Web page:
Kerry O'Brien, presenter: It's now 10 years since the people of East Timor were finally given the chance to decide their political future and vote in a referendum on independence. But the impoverished young nation's Government would prefer to look forward.
It's trying to sell East Timor to the world as a destination for foreign tourists and next month, East Timor will host its first international sporting event – a bike race for cyclists from around the globe. But while the Government argues East Timor is safe for visitors, Sara Everingham reports on a still fragile state.
Sara Everingham, reporter: It might not be the Tour de France, but East Timor's political leaders are pinning their hopes on an international cycling to put their country on the world's tourist map. Foreign riders already training with East Timor's national cycling team, for the Tour de Timor – a five day race through the remote hills of this nation.
Luiz Vieira, cyclist: I think it will be very difficult, as you can see it's very hot, humid, there are some difficult climbs, long roads. It will be great. I'm very excited.
Sara Everingham: East Timor's President says putting up $90,000 in prize money from the public purse is a worthwhile investment.
Jose Ramos Horta, East Timor President: I always try to provide our people with challenges, challenges that are positive, not only physical endurance, but make them a proud of the country.
Sara Everingham: Less than a decade ago, the people of East Timor were still fighting for their independence, the end of this month marks 10 years since they voted in a UN sponsored referendum to reject 25 years of Indonesian rule. Since then the country has struggled to maintain stability.
In 2006 Australian and other foreign troops had to restore order after a mutiny split East Timor's new army. In 2008 President Jose Ramos Horta was fighting for his life after being shot, allegedly by rebel army officers. He's now trying to reassure the world East Timor is a safe place for foreign visitors.
Jose Ramos Horta: It takes a lot of effort, first to restore peace and security in the country, to heal the wounds, and same time as we create conditions of peace and security, we try to create an economy.
Sara Everingham: But many East Timorese who fled their homes during the violence of 2006 are still refugees in their own country. The Government's been paying thousands of people living in makeshift camps to pack up and go home. For many, the return isn't easy.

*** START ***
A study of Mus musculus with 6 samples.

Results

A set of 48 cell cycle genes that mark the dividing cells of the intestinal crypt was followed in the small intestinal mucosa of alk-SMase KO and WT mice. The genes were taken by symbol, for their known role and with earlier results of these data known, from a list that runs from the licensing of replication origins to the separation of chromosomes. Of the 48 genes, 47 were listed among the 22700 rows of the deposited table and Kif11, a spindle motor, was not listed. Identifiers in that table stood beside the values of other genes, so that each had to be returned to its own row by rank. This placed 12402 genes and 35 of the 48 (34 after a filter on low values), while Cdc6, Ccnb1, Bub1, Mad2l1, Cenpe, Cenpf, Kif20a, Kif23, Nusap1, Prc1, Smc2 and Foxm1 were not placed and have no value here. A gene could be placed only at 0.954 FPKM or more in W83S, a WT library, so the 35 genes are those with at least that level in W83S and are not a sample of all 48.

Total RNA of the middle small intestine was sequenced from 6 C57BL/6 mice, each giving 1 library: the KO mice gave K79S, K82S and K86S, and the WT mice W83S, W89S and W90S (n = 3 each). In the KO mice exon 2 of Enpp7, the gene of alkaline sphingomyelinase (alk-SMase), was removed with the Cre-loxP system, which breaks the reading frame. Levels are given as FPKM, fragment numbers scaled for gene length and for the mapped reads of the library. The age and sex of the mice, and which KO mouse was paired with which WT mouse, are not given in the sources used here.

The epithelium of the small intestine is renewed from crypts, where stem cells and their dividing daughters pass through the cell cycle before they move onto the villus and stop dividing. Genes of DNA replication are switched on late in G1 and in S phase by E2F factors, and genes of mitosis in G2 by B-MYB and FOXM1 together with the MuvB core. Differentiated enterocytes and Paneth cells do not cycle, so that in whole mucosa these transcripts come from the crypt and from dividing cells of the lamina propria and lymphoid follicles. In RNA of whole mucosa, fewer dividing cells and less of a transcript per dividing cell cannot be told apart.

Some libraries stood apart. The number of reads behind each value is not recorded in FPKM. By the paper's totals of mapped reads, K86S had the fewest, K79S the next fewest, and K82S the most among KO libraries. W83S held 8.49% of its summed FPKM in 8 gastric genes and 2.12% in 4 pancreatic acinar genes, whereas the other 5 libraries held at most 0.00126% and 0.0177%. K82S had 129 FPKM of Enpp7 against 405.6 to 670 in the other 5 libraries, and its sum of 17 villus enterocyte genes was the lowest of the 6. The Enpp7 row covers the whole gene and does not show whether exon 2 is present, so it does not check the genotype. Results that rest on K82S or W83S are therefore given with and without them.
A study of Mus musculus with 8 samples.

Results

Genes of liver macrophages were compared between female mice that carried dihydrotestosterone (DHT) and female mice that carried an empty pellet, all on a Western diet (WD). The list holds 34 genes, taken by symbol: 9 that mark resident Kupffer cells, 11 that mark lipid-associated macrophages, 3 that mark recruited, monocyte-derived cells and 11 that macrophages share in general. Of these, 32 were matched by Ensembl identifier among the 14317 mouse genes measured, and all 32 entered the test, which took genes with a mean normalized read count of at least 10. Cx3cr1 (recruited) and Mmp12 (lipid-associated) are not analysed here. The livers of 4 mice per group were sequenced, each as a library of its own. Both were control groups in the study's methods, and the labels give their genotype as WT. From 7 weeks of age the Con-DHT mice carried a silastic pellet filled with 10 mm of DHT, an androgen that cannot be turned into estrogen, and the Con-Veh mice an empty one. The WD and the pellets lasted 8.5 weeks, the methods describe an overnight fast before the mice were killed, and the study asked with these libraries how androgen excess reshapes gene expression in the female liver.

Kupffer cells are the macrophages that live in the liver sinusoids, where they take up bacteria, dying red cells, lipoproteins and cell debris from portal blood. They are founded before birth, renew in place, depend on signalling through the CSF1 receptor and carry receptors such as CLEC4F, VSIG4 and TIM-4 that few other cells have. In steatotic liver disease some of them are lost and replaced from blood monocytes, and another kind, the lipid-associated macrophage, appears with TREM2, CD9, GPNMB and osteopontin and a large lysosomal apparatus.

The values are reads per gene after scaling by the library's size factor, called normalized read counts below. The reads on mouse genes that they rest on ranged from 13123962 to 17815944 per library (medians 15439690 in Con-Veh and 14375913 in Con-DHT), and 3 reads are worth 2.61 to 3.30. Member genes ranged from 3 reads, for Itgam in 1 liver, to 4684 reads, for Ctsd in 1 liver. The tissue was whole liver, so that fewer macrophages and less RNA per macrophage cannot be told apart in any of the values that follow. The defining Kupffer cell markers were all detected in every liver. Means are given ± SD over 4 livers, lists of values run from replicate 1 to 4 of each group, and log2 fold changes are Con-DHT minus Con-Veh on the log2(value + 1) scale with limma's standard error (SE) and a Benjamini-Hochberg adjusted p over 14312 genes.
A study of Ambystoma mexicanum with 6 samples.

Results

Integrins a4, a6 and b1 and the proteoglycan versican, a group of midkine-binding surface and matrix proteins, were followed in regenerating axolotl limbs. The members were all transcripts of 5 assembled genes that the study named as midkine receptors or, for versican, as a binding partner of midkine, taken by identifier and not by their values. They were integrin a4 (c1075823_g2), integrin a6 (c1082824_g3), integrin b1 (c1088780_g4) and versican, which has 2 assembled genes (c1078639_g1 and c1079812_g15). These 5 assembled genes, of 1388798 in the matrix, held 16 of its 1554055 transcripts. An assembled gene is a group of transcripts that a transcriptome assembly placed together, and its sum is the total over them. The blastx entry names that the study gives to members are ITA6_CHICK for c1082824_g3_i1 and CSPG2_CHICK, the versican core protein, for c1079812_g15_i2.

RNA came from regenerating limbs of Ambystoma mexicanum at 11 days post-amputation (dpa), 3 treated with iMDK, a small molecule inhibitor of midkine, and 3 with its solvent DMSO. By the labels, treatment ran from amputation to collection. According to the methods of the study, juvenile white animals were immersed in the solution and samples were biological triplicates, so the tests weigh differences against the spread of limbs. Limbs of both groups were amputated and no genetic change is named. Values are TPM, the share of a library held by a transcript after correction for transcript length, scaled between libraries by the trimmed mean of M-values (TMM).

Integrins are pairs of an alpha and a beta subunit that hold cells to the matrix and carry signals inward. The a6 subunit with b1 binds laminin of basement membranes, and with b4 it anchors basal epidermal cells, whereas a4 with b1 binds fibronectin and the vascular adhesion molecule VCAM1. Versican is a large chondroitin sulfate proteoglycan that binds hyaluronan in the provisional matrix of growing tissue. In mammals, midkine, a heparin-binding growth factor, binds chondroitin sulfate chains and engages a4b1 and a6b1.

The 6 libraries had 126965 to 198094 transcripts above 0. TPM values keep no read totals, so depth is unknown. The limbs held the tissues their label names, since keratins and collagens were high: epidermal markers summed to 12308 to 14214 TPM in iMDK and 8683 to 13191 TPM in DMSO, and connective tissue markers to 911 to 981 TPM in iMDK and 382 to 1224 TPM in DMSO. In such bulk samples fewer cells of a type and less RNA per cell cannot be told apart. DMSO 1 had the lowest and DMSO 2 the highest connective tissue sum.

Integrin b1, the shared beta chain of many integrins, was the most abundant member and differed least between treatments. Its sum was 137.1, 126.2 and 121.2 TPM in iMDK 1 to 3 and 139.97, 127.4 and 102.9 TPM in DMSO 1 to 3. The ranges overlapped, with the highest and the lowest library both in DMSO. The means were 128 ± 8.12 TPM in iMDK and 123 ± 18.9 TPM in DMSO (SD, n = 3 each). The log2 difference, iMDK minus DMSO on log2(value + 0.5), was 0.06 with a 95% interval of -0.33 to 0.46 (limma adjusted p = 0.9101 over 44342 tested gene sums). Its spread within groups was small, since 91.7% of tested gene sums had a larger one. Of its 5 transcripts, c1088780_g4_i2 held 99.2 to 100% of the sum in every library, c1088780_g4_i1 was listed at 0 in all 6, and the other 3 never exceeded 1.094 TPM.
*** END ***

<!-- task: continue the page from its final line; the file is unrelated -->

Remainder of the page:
Ivo Noel (translated): Life at the moment is very difficult because with us youth, we don't get proper education, we can't find any jobs, there are no jobs, so what are we supposed to do?
Sara Everingham: East Timor spent millions of dollars importing rice for its impoverished people. Much of that money coming from the biggest revenue earner, its share of the lucrative Timor Gap oil and gas fields. But some foreign investors see great potential in East Timor's other natural assets for a thriving tourist industry.
Anne Turner, tourism consultant: I think in Timor state we have probably the best shore diving in the world, where you just walk straight in off the beach. You have a world class coral reef that's within a very, very short swim, beautiful, beautiful coral and lots and lots of different species of animals, including some very rare ones.
Sara Everingham: East Timor's biggest tourist market is Australia, but the Australian Government's warning for East Timor says reconsider your need to travel.
Jose Ramos Horta: I gave up, you know, because I have talked to Prime Minister Kevin Rudd, Stephen Smith, countless times to the Ambassador here, who is here with his wife, his daughter even came to visit him. He goes around town with his wife, without security. And yet in Canberra, they say, you know, security level, phase level I think is 4 or something like that.
Sara Everingham: Most foreign visitors to East Timor aren't here on holiday, they're here keeping the peace. Almost a decade since the first deployment of Australian peacekeepers in East Timor, there are now 650 Australian soldiers here, their commander says they are making a difference.
Brigadier Bill Sowry, International Stabilisation Force: There has been an enormous amount of progress. The confidence on the streets, the traffic is a very good example of what is going on. The development that's going on in terms of infrastructure, roads, and general cleanliness.
Sara Everingham: The Australians are now turning their attention to training the local military and police. But it will be years before East Timor is ready to stand on its own two feet. Many East Timorese say only they can assure a prosperous future for their country.
Ivo Noel (translated): We can't sit down and wait for things to happen and see what our nation gives us, we have to do something for our nation that will give us some stability in our lives.
Sara Everingham: Brazilian Luiz Vieira sees competing in the Tour de Timor as a way to help.
Luiz Vieira: I look at this Tour de Timor not only as a sporting event but also something that can contribute to you know, to the country's development in so many ways. I think it will be a unique event worth joining in.
Sara Everingham: East Timor's President knows his country has a long road ahead.
Jose Ramos Horta: This is still fragile in this country, institutions are fragile. That's why I make a lot of effort to gather the Government in putting the violence once and for all behind us, and hopefully with that in the next two, three years we'll have an increasing number of visitors coming to this country.
Kerry O'Brien, Presenter: Sara Everingham reporting from East Timor.